CENTRAL OREGONIAN - The opening of Crook County schools will depend solely on the number of local cases.

An unexpected move by the Oregon Department of Education could mean Crook County students in grades 4-12 could return to class sooner.

ODE announced in a letter to Oregon school districts Friday that it will suspend county and state test positivity rates through September due to the recent wildfires. Total case counts and cases per 100,000 will remain as the leading metrics for reopening schools.

"I'm surprised by ODE's announcement today, and I'm more optimistic than ever that we are going to have students back in person soon," explained Crook County School District Superintendent Dr. Sara Johnson on Friday. "We now have two potential pathways to reopening: meeting local metrics or ODE approving our pilot designation."

When the news was initially received, local educators were hopeful that it opened the door for grades 4-12 to return to classes in early October. Crook County had met all local metrics the first two weeks of September.

However, there was likely one too many cases reported during the third week to allow local schools to reopen for grades 4-12. Crook County had two reported cases at the time of the ODE letter, but a third case was reported Saturday. This means the district will start over, waiting for a new three weeks of two or fewer cases.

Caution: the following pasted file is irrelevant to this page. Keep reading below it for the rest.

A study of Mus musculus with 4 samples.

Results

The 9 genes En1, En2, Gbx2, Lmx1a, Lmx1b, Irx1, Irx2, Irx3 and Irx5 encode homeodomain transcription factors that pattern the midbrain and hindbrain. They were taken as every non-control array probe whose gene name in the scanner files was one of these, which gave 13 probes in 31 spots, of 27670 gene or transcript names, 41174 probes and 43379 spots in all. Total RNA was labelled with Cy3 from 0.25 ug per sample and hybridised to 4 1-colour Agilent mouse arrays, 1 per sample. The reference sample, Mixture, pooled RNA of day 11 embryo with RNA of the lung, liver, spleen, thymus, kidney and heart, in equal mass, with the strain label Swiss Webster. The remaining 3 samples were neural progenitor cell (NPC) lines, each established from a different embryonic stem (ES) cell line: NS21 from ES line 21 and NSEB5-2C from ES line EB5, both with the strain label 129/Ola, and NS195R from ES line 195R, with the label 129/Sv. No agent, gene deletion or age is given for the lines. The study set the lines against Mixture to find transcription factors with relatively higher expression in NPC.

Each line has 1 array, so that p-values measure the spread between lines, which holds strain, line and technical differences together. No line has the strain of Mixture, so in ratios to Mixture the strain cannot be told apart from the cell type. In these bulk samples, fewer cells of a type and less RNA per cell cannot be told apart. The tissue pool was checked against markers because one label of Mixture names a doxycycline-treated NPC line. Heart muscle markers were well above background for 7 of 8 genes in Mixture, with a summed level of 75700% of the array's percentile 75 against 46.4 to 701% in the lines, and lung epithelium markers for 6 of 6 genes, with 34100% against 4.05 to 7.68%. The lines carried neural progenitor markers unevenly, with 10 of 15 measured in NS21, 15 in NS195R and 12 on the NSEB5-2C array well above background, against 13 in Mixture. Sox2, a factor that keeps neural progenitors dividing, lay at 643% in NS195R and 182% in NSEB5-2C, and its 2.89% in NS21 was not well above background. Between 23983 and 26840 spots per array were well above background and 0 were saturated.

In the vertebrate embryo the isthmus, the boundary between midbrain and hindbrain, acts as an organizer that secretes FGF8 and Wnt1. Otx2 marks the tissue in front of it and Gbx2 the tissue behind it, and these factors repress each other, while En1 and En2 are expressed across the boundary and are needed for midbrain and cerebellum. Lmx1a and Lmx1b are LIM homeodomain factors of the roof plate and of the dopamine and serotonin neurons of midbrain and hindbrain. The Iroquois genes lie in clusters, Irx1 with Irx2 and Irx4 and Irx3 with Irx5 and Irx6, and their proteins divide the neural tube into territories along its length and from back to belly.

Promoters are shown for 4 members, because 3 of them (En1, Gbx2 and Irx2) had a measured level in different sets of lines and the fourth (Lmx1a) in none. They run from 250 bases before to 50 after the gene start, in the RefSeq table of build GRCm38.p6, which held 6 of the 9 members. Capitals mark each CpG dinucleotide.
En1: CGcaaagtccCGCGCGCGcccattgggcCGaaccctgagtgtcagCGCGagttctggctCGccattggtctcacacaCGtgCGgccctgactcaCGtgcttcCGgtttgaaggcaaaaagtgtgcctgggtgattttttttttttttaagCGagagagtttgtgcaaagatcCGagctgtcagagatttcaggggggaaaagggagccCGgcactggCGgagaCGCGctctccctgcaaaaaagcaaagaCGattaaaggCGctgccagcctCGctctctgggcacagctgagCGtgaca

Once metrics are in the district's favor, the school district will submit plans to ODE to transition from distance learning to hybrid. The following steps would take place for a potential reopening: Declare hybrid model to ODE; utilize one week to plan and communicate with parents; grades 4-12 begin returning for in-person instruction.

Before the third case was reported Saturday, principals were working with teachers last week to finalize plans for each building, and the school district planned to release full details to families once the COVID-19 metrics were updated. Students and teachers were going to continue with Comprehensive Distance Learning this week regardless of the metrics.

The ODE announcement came one day after the school district sent a letter to the department asking for an update on its pilot designation request. The designation would allow grades 4-12 to return to school buildings under a hybrid model combining online learning at home and classroom learning. The request was initially submitted on Wednesday, Sept. 16.

ODE acknowledged the follow up but still has not responded with a final decision.